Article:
Jenny Wilkinson talks to the owner of the Odd empire about why her bars are about more than just selling booze

Published on February 24th 2009.


Odd and Odder

When Odd first opened its doors four years ago, it was greeted with delight by bar-goers. Here was a little haven of individuality within a largely bland drinking scene. Depending on where you looked, the décor could remind you of your best friend's bedroom when you were 17, a 1960s lounge bar, or an Alpine lodge. It served lovely food and drinks in an atmosphere that was endearingly warm and unassumingly cool. No wonder then that it won a large, regular clientèle and several awards.

All that was four years ago and in the time since, it's spawned several imitators, all going for that eclectic, thrown-together look. Odd's own close relation Odder was launched two years ago in the 'Southern Quarter' and there's been tantalising rumours of an Oddest for the last year or so.

When I met Cleo Farman, the brains behind Odd and Odder, she wouldn't give anything away about the location of this third point in the Odd triangle, but she had plenty to say about her first two babies. Talking to her, you get a sense of what's really unusual about Odd and Odder (and it's more than just the interior design).

Like many bar/restaurant owners, she's full of enthusiasm for the food and drink they peddle, particularly as they've just got a new menu and a new chef, Mike Wardell, who was trained in a three rosette restaurant in York. But what makes her stand out is her excitement about the role the bars can play in the city's creative scene.

“I never wanted this to be a place that just sells booze – I think that would be a bit boring,” she says. “I wanted Odd and Odder to be about people joining in and being interactive. I'm into people having a go at things so if I can help someone – an artist, band or DJ or film-maker – through the bars, then I will.”

Hence the imaginative events schedule for Odd and Odder. Their 'What's On' page reads more like the listings for an activity club than a city centre bar, with art exhibitions and launches, live art, film nights, quizzes, massage evenings, live band nights, and of course, plenty of DJs.

Both bars host the cream of local artistic talent, with exhibitions changing on a monthly basis and all artwork for sale, and you can get involved in the art yourself when the Sketch City collective take over Odder every Wednesday. 'Music to doodle by' is their apt description. Up-and-coming street artists draw live on large canvases while DJ Johnny Dub plays the tunes. You can stand and watch or you can get sketching yourself; art materials are provided. It's free, and there's half price house wine and £1.50 beers to get the creative juices flowing.

Continuing with the theme of audience participation, Odder is now home to the Filmonik night which used to be held at Matt and Phreds. Cleo describes it as an “open mic night for film-makers” and anyone who's been will know that, like at comedy or music open mic events, you're never sure what's going to happen next. The short films submitted by professional and amateur film-makers are diverse in quality as well as style. But it's a great place to go if you want to see something fresh, or if you want an audience for your own celluloid creations.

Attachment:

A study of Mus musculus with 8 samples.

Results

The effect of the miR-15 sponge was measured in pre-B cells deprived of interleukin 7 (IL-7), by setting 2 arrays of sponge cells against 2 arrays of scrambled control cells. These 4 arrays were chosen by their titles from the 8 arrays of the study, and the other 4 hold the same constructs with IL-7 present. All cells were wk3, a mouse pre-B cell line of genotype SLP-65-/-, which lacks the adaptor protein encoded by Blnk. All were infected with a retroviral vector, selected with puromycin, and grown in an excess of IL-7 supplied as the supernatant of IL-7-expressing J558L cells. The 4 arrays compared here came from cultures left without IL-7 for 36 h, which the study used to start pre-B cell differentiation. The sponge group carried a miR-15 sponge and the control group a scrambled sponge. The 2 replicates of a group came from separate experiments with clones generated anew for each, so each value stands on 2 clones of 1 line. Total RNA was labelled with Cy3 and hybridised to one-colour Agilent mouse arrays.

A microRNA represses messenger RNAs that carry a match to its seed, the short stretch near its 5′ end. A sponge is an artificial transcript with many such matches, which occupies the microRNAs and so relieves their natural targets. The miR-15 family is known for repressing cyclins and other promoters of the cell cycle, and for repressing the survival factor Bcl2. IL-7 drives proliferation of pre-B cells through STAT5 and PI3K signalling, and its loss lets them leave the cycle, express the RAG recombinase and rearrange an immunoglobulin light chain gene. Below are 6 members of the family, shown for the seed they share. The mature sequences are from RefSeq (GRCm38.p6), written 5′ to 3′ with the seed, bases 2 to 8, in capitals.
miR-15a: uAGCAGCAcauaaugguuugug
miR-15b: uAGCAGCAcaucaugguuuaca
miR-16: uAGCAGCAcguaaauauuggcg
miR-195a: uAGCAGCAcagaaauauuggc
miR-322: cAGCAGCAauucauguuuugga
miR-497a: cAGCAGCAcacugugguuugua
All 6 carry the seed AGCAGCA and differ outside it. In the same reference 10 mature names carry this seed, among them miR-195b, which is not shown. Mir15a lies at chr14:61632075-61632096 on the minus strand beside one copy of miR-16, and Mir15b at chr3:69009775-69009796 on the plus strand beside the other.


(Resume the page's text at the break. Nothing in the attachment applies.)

Film fans flock to Odder again every third Sunday of the month for the Mini Cine Picture Show. It's similar to Filmonik except that this time the films are submitted in advance, so you could get a comedy from Spain or a horror short from America – the only stipulation is that they be as 'odd' as possible. It's free in and there's free popcorn. And if you've got a mini masterpiece that you want to see on the big screen, get in touch with Odder (contact details below).

Film-makers aren't the only creative-types who Odd and Odder want to nurture. Cleo explains how new artists are also welcomed. “We give them space to display and sell their work for a month and we don't take commission. Artists also get a free launch night with a case of wine to share amongst friends and other art lovers.”

She goes on to say that they're working on plans to do something similar for up-and-coming musicians. New bands will get the bar for themselves and their fans for the night, without having to pay for room hire.

Music is a big part of Odd and Odder, with regular album launches, band nights and DJ sets. On every fourth Sunday at Odder, hotly-tipped local indie act The Travelling Band put a night on, booking the bands and bringing their favourite records. Over at Odd, the DJs have equally impressive credentials. Regular nights are hosted by the Detroit Public Radio DJs, El Diablo, Piccadilly Records and Modernaire's Oscar Wildstyle. The first Sunday of every month sees Your Mamas Cookin’ hosting live folk acts and playing tunes from the 1920s to the 1950s. Or if you just want a quiet, relaxing night, go down on a Tuesday when professional masseurs provide head massages for a small donation.

Cleo sums up the Odd/Odder experience as: “Really good nights, wicked food, and cool, friendly staff.” If you add to that 'art, films, new bands, and loads of creativity and passion', you might be close to what these two bars are all about.

For details of all the events listed above, go to www.oddbar.co.uk or www.odderbar.co.uk

Odd Bar. 30-32 Thomas Street, Northern Quarter. 0161 833 0070.
Odder Bar. 14 Oxford Road, Southern Quarter. 0161 238 9132.